TASB Responds to the State Takeover of the Houston Independent School District

Austin— The Texas Association of School Boards (TASB) today released a statement from Executive Director Dan Troxell after the announced takeover of the Houston Independent School District (HISD) by the Texas Education Agency (TEA): 

“On behalf of our Board of Directors, selected by locally elected school board trustees across the state, TASB is disappointed in the decision by TEA to replace HISD’s locally elected Board of Trustees with a state-appointed board of managers after June 1. 

Here at TASB, we believe that the challenges facing public school districts — particularly the largest one in the state — are best addressed by adhering to the state’s long tradition of local governance, with school board trustees who are elected and accountable to the voters in their communities.   

The district has made consistent progress since 2019, when it first faced the threat of state intervention with 94% of its 274 schools currently earning a grade of A, B, or C under TEA’s accountability system.  In fact, the school that prompted this takeover process, Wheatley High School, has made significant improvement and recently earned a passing grade. 

By appointing a board of managers not elected or accountable to the voters in HISD, TEA is diminishing the opportunity for parents and community members to have a choice and voice in the governance of their schools.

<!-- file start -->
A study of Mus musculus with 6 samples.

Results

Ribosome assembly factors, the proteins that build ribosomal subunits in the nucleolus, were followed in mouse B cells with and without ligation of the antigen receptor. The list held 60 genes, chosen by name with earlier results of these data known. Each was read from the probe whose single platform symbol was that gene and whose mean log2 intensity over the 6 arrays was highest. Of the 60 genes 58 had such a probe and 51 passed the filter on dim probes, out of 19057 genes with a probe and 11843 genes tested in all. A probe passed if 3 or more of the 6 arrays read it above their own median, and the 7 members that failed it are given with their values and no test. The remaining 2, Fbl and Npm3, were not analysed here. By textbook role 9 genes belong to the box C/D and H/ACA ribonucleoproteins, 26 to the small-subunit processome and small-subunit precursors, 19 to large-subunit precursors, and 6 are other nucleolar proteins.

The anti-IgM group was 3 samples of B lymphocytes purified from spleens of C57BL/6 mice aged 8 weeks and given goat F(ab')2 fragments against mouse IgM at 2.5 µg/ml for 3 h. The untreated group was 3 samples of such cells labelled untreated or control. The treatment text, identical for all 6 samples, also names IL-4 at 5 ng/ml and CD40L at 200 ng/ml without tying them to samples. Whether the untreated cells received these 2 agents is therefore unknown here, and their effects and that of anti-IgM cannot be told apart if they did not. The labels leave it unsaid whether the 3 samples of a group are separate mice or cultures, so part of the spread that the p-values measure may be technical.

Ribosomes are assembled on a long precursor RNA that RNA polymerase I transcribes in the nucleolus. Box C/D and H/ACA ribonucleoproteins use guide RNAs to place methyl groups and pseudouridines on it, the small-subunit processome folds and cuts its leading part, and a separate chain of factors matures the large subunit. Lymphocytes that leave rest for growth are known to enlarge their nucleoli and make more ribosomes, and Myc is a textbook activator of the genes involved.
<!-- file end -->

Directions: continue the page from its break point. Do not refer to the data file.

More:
In addition, there’s no research to support that state takeovers improve academic outcomes. Instead, TASB urges state lawmakers to consider strategies that work, including increasing per-pupil spending and/or partnering with a higher education institution.  

We urge the TEA Commissioner to reconsider this drastic move and return governance to a locally elected Board of Trustees, accountable to voters and the community.” 

About TASB

TASB is a nonprofit organization established in 1949 to serve local Texas school boards. School board members are the largest group of publicly elected officials in the state. The districts they represent serve more than 5.4 million public school students.